Genetic Culprit: Mutation increases risk for uterine fibroids
Analysis of DNA from families whose women have been beset by uterine growths reveals a mutation that can predispose women to these so-called fibroids.
Uterine fibroids are common, benign tumors that can cause pain, pelvic pressure, infertility, and long, heavy periods in women of childbearing age.
Their cause has been unknown. Medication that slows estrogen production can ease symptoms but doesn’t cure the problem. Many women with severe symptoms undergo hysterectomies–removal of the uterus–making fibroids the most common reason for this surgery in the United States.
Using blood samples from families with a history of fibroids, researchers in Finland tracked genetic aberrations in some women to a region of DNA on chromosome 1. Meanwhile, researchers studying DNA from a separate set of families in Britain were also homing in on this chromosomal area. The teams pooled their efforts and report in an upcoming issue of Nature Genetics the discovery of mutations of the gene that encodes an enzyme called fumarate hydratase. Previous research had shown that this enzyme normally enables a cell to derive energy by metabolizing sugar.
If both parents pass on a mutated copy of the fumarate hydratase gene, the results are disastrous. The infant usually dies within months.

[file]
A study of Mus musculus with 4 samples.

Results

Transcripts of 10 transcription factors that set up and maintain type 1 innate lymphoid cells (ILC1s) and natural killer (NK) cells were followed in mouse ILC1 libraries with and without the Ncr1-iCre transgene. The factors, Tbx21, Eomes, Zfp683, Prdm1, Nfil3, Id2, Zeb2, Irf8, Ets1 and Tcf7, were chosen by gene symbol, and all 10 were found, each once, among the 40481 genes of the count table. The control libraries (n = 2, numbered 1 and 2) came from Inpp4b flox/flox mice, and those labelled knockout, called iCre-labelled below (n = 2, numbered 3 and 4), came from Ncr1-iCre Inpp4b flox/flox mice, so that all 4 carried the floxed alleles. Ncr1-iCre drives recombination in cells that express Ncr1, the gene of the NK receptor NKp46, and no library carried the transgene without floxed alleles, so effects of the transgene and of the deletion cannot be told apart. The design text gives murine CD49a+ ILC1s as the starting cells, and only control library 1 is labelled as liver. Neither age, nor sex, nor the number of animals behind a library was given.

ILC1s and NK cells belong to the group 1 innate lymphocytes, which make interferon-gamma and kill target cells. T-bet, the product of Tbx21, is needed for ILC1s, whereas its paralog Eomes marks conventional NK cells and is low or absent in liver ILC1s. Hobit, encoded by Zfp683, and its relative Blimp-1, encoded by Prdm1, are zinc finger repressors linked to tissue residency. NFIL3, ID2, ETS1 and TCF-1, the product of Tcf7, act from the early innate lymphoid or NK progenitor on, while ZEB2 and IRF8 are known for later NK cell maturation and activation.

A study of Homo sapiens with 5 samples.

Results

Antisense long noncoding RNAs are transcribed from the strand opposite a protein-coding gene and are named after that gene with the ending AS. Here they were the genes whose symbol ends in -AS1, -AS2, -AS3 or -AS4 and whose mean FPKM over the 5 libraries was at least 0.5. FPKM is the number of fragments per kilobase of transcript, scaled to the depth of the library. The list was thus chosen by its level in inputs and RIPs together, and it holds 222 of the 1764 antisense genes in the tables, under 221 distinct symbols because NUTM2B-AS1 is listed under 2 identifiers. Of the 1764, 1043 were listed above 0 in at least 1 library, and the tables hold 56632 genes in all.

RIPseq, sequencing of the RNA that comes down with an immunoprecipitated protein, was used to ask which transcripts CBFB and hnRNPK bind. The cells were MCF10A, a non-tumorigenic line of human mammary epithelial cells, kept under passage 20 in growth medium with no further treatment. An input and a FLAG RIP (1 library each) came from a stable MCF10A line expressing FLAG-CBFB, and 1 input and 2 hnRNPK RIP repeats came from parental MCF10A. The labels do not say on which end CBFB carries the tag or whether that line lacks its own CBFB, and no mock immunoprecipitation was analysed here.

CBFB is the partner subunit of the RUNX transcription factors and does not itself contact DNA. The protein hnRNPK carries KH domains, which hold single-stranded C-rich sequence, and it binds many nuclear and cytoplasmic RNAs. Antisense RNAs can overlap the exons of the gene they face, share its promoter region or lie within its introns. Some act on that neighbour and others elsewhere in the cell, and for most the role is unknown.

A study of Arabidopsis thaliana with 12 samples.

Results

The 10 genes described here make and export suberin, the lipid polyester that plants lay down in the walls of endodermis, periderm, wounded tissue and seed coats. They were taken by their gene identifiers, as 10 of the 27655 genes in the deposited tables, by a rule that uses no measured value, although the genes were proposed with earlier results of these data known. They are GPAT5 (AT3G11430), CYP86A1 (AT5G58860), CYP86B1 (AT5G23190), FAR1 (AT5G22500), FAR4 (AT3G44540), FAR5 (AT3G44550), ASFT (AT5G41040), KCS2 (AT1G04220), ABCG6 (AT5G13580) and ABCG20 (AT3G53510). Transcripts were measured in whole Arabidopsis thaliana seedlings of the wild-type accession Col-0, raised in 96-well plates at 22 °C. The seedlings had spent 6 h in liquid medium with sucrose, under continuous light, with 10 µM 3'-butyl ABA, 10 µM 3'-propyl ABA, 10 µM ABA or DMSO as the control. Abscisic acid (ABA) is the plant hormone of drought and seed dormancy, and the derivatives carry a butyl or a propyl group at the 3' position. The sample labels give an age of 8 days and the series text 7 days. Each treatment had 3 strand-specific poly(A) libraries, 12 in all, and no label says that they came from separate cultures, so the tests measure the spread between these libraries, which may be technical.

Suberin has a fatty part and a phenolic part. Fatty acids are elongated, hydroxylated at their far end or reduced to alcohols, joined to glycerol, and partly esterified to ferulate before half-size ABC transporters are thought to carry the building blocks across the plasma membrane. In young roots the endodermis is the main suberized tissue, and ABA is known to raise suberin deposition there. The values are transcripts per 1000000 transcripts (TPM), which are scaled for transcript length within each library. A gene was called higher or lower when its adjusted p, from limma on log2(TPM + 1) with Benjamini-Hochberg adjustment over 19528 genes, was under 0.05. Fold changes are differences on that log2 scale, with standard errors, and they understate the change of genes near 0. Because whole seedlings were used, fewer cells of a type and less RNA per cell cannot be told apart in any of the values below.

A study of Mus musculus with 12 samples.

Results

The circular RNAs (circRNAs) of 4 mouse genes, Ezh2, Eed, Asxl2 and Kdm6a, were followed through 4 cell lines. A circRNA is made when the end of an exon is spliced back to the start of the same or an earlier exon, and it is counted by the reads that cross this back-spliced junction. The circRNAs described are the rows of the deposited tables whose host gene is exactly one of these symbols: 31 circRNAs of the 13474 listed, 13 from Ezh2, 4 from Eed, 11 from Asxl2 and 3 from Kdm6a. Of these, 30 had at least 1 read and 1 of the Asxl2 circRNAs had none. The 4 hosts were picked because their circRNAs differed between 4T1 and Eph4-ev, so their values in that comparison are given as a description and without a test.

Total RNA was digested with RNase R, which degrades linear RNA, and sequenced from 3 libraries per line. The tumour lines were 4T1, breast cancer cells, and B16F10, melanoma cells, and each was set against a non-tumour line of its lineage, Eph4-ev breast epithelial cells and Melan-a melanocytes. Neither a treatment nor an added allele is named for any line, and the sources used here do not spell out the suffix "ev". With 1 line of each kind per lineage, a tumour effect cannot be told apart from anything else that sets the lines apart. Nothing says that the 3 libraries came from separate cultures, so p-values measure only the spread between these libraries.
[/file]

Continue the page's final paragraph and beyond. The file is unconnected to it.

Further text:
However, when only one of the parents provides a mutated copy, the child generally shows no abnormalities. If the other gene copy later becomes mutated in some cells, however, they can stop producing fumarate hydratase, says study coauthor Ian P.M. Tomlinson, a geneticist at the Imperial Cancer Research Fund in London. In the skin of both men and women, this loss can cause painful lumps, whereas in the uterus it can cause fibroids. Indeed, the researchers measured unusually low activity of fumarate hydratase in the fibroids in women with the mutated gene.
However, many factors probably influence fibroid growth, she says. Uterine muscle cells, unlike other muscle cells, might be particularly vulnerable to growth abnormalities. In premenopausal women, the uterus is regulated in part by estrogen, a hormone broadly associated with cell growth, she says.
Uterine fibroids are common, says Donna Day Baird, an epidemiologist at NIEHS. In one study, she and her colleagues found that by age 50, more than 80 percent of black women and roughly 70 percent of white women developed uterine fibroids detectable by ultrasound.
The link between the fumarate hydratase gene mutation and uterine fibroids is clear but probably explains only a minority of cases, says study coauthor Lauri A. Aaltonen of the University of Helsinki.
Still, discovery of the mutations could help identify women at risk of fibroids, Tomlinson says, and might provide insight into how fibroids grow–information that scientists might use to block that growth.